Just Saying… How do you feel about the new cell phone policy?

Lizzie

Lizzie Vanlerberghe ’13

Reporter

“Put your phone away.” This is an all-too-familiar phrase we’ve been hearing constantly since sixth grade. Over the years, cell phones and other electronic devices, like iPods, have become every school’s worst enemy and have been condemned from classrooms. Of course students have found ways around the rule. There’d the old “I’m just checking my purse” trick, when you hide your phone inside your purse to poorly conceal the fact that you’re texting. Or the very obvious, “Don’t move because I’m hiding behind you so I can use my phone and I don’t want the teacher to see.” (We’re teenagers, we’re not exactly clever.)

After years of using these well-known and absolutely genius tricks (sarcasm), I think the school administration finally realized that they were losing the war against electronic devices. Students just weren’t following the rules, and they were getting in trouble for it. It seemed a bit ridiculous to be getting detention for something as innocent as texting their mother because they forgot their lunch or their homework at home.

So here comes the year when LCN becomes a little more flexible on the cell phone issue. The school now has a policy that resembles a traffic light. ‘Green’ areas, like the cafeteria, the commons, and hallways in between classes are cell-phone friendly. In ‘yellow’ areas, such as classrooms, you need your teacher’s permission to use your phone. ‘Red’ areas are places where cell phones are a no-no. It seems like this policy could actually work for students and faculty alike, but is the new policy really as good as it seems to be? I can recall countless times in the hallway when I was nearly run over by a student texting and walking. I love that we have the freedom to use our phones and iPods, but it seems a bit ridiculous that people can’t put their devices down for just two seconds so they can pay attention to where they’re going.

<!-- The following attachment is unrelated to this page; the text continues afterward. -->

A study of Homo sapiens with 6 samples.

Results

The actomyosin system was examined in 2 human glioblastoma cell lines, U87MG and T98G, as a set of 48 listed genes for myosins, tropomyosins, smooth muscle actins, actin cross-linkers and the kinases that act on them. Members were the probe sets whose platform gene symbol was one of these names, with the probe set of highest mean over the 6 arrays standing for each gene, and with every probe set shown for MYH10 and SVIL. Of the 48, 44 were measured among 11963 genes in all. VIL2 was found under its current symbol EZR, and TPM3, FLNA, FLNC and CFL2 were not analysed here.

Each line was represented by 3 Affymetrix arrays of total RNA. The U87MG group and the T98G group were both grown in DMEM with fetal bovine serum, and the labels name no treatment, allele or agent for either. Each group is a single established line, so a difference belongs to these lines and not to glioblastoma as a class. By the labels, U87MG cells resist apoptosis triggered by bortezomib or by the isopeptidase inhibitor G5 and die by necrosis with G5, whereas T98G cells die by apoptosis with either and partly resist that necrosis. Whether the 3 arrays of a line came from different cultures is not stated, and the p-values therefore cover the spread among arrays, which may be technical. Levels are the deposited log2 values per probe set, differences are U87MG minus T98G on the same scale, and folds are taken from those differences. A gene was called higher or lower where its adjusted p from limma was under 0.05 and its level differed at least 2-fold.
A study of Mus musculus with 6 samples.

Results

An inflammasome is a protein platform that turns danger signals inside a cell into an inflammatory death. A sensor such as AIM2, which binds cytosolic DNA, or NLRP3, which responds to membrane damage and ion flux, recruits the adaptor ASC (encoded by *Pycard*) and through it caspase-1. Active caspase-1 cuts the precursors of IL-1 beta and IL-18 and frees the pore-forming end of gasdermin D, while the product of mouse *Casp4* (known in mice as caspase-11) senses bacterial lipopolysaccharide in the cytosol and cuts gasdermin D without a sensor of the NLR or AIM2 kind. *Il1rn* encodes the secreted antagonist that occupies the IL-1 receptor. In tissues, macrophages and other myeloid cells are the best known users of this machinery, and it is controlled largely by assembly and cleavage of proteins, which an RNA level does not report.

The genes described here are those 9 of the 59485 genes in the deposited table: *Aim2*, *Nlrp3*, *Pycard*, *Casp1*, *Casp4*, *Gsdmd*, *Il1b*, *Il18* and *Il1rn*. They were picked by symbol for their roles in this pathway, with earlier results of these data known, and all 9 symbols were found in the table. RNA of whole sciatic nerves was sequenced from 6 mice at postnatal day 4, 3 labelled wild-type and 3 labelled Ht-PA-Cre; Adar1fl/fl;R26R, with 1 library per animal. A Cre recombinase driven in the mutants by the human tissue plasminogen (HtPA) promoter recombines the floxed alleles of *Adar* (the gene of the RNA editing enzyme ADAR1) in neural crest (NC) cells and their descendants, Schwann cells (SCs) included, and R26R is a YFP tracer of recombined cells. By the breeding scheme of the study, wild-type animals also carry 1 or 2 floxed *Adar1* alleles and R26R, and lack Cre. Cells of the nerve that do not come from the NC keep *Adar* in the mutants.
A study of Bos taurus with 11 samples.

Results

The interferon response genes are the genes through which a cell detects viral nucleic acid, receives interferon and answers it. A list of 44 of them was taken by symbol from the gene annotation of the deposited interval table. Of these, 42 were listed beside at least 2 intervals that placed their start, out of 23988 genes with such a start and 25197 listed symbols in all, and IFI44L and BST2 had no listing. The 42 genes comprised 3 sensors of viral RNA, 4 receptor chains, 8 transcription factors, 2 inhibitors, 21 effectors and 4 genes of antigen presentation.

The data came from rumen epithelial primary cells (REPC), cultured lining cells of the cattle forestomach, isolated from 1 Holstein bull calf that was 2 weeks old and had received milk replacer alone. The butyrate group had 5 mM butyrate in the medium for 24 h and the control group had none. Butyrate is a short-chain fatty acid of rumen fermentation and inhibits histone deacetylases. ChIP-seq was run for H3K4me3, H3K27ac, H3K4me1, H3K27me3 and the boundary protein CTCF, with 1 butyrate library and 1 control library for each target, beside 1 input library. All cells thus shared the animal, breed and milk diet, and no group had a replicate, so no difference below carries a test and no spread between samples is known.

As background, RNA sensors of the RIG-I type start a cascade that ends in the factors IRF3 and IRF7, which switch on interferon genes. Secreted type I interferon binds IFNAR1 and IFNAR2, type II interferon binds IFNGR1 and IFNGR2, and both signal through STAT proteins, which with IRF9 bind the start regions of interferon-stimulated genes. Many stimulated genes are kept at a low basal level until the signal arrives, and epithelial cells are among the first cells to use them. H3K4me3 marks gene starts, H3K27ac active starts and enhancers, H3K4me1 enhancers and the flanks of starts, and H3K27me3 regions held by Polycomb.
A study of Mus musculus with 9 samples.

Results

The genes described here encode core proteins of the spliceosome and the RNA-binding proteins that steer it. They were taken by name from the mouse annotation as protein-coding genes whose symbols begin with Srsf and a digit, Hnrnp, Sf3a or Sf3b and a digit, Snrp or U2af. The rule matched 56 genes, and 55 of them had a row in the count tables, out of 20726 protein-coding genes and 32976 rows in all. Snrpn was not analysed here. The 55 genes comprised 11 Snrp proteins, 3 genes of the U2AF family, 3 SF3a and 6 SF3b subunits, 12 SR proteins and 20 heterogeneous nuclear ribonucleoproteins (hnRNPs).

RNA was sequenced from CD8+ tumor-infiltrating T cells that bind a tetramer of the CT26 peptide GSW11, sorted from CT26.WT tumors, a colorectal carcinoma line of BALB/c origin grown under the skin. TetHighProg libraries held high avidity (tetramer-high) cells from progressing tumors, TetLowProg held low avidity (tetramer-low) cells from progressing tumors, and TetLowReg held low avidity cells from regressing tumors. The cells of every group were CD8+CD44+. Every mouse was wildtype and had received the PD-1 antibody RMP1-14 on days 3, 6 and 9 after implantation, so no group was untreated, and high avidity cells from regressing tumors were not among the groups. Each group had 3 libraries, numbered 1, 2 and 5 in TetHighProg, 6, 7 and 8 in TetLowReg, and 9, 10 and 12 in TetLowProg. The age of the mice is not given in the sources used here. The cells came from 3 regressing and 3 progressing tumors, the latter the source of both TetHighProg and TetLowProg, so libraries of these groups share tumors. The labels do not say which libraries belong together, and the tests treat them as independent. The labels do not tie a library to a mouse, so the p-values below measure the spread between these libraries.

We only have a little bit of time to get from class to class, and I don’t want to use those precious minutes fighting off crowds of cell phone abusers wandering aimlessly down the halls. The cafeteria and the commons area both have different environments than previous years. Instead of interacting with the people around them, students are busy on their phones, blocking out the world. I personally think it’s kind of rude to be on the phone when someone is trying to hold a conversation with you.

With that said, I hope that the new cell phone policy doesn’t ruin the social experience high school has to offer.